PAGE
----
The United Nations Children’s Fund (UNICEF) has initiated a radio education programme in the Lake Chad basin as part of efforts to support the 1.3 million children displaced by the activities of Boko Haram.
The 144 episodes of educational programming on literacy and numeracy, life-saving and other child protection messages will be broadcast in French and three local languages-Kanuri, Fulfulde and Hausa.
Marie-Pierre Poirier, UNICEF’s regional director for West and Central Africa, said, “This crisis has unique challenges, so we are developing unique solutions.
“With many hundreds of schools still closed, and children exposed to numerous risks, we developed a radio education regional prototype that will keep children in a positive education routine.
“This is the first step, and the Governments have pro-actively engaged to make this available for children in this crisis.
“Being on air with a program ‘validated’ by the Government is the first important step for the continuation of learning in emergencies and the protection of children who are not in school.
“In the very near future, we hope that children who learn by radio will also receive a certification and pass the school year.”
The UN agency said the radio programmes have the potential to reach children in areas that remain inaccessible for humanitarian assistance and other out-of-school children.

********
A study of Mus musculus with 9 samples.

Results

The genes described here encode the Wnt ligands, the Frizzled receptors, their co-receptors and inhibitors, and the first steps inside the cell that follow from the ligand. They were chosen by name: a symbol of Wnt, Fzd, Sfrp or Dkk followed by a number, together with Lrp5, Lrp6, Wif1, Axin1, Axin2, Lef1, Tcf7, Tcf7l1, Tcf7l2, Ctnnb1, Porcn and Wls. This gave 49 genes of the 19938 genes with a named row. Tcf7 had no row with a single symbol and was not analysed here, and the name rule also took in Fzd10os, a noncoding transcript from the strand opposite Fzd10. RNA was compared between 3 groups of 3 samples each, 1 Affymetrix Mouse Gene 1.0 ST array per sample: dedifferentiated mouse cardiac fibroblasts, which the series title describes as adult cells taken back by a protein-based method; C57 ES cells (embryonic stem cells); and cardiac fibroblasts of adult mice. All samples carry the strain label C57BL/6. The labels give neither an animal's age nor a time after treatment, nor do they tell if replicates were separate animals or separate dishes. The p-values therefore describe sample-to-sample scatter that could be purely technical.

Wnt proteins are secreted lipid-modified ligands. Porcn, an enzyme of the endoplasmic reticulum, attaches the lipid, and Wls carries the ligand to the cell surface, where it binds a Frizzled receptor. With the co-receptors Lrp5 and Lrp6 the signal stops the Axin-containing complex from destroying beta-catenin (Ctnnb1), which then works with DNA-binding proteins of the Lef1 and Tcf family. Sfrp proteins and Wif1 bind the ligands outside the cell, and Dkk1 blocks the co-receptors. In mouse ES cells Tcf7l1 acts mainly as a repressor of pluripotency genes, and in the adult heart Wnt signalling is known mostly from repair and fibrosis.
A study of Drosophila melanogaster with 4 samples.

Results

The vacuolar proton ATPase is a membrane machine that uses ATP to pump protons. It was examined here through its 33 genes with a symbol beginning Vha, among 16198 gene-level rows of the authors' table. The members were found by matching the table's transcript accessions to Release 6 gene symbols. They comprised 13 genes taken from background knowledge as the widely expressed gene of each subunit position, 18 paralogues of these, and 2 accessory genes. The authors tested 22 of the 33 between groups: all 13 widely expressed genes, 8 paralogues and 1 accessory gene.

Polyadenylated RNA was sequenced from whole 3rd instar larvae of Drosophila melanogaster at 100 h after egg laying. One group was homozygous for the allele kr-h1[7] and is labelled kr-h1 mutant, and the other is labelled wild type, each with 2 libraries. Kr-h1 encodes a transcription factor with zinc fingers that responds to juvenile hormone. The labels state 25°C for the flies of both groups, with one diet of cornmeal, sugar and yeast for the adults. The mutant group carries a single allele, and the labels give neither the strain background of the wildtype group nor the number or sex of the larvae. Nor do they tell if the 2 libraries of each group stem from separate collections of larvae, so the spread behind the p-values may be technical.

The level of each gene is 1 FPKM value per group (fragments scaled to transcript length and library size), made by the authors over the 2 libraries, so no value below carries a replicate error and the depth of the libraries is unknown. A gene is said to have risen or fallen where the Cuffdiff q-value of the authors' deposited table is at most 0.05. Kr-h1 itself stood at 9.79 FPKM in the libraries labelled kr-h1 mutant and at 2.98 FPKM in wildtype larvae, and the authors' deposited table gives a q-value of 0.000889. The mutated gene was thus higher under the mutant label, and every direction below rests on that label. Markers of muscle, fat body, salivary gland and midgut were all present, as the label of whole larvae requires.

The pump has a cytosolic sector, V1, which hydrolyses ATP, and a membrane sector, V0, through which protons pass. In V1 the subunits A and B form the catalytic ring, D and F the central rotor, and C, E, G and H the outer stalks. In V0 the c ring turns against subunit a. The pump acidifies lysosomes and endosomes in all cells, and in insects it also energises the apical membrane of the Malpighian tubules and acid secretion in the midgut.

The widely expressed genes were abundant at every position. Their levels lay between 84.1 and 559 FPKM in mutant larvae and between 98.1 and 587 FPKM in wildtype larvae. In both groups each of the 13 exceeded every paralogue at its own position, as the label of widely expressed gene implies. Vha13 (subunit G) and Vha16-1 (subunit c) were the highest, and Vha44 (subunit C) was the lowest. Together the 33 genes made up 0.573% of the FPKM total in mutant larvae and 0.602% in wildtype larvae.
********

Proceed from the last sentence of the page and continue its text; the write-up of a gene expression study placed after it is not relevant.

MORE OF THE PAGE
Yvan Hildebrand, head, EU civil protection and humanitarian aid (ECHO) in Cameroon, said “radio education helps us reach the children who are out of school as a result of the conflict.
“We’ve worked with UNICEF to develop a high quality interim solution that will help hundreds of thousands children engage in an educational routine.
“We are very proud of the positive role the EU is playing in this crisis and I am sure that all Europeans can see the value of this investment in children.”
Beyond radio programming, education in emergencies will reach 159,000 children with a range of support including child protection services and risk informed learning programmes adapted for the needs of children living in crisis affected areas in Niger, Chad, Cameroon and Nigeria.
UNICEF has called for $38.5 million to meet the education needs of children in the crisis and this appeal has received $19.6 million, just 50 per cent of the amount required.